Although I am something of a 21-year-old, with the reputation of being a spendthrift, I have to seek my mother’s approval before making any purchases. No wonder my wish list is brimming but my cart is dry.

Also because she’s the one who settles my bills. Bold of you to assume that I pay for my own expenses with the paycheck of a writer. *sobs copiously*

Recently, while making a transaction I casually told my mom that I’m buying a dress for Rs. 2000. Looking at her Kamolika-esque wide eyes, I corrected myself, “No, sorry, it’s for one-thousand-something.” I got a green signal right away.

Jagran Josh

Now even if that ‘something’ translates to nine-hundred-ninety-nine rupees, it really doesn’t concern anyone and boom! The item is purchased.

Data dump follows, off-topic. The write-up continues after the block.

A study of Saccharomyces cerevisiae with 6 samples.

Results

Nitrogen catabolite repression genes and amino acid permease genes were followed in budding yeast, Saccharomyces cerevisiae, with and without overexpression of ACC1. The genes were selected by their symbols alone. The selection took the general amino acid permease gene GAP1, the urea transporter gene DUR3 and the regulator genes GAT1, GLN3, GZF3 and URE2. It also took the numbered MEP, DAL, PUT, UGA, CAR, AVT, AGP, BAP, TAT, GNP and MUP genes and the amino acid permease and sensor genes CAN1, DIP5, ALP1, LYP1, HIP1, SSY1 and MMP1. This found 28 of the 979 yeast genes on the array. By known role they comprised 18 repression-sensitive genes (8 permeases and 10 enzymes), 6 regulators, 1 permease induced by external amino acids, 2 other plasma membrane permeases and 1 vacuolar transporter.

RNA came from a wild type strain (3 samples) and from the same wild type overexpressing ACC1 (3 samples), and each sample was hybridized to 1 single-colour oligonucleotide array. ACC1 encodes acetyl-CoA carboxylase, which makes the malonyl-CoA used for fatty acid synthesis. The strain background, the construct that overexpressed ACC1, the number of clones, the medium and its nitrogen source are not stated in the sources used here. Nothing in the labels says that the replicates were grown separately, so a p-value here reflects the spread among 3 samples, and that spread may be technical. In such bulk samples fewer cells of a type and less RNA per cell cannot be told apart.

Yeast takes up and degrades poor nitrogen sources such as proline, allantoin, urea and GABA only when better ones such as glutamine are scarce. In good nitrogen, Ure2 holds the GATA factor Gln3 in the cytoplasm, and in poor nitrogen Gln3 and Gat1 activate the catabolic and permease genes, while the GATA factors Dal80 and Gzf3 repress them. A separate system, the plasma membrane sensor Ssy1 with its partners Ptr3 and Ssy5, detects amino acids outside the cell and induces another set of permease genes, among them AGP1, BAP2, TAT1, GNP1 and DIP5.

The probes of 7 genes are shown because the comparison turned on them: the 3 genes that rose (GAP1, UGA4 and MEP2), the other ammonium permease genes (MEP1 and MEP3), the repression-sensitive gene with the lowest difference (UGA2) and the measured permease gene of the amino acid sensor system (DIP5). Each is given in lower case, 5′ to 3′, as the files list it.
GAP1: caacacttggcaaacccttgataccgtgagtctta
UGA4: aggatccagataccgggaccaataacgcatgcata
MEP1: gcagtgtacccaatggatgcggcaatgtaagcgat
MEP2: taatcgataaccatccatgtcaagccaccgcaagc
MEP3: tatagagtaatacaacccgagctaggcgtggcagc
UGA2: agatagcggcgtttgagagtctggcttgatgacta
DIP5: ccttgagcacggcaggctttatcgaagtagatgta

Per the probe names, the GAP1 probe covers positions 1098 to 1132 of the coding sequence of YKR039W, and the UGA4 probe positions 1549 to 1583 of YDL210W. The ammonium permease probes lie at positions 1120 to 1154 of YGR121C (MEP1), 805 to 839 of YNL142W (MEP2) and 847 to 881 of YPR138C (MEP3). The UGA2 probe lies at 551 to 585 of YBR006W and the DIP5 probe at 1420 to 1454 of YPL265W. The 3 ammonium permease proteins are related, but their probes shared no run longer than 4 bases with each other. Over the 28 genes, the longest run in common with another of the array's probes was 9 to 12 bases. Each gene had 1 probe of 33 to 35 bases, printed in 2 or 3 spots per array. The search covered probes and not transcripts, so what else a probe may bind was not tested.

You practically always find yourself in this circumstance, but have you ever wondered that it might be a marketing strategy?


Apparently it is a strategy adopted all over the world that is based on psychological analysis of human brain. Although the difference between 999–1000 is just a rupee, it has a strong influence on data processing in the brain.


Since our brain reads from left to right, the first digit of a price resonates with us the most. It creates an optical illusion that we have purchased something in the lower number series.

For instance, when the tag says Rs. 39, it psychologically gives the impression that we have purchased something in the 30 ‘something’ range and not 40.

People frequently shop in the spur of the moment. For reasoning, the brain contains two zones. One is quick and emotionally driven. Another takes time to assess and make a decision. In general, we are wired to make emotional and quick decisions while shopping.

The Statesman

Very true to its purpose, it is also called ‘charm pricing’ which is intended to trick prospective customers into thinking that the product is far less than it actually is.

Also read: I Never Realised What The Bristles On Escalators Actually Did

Only if I consciously saved that one rupee, I’d be filthy rich today coz I buy a billion things, you know.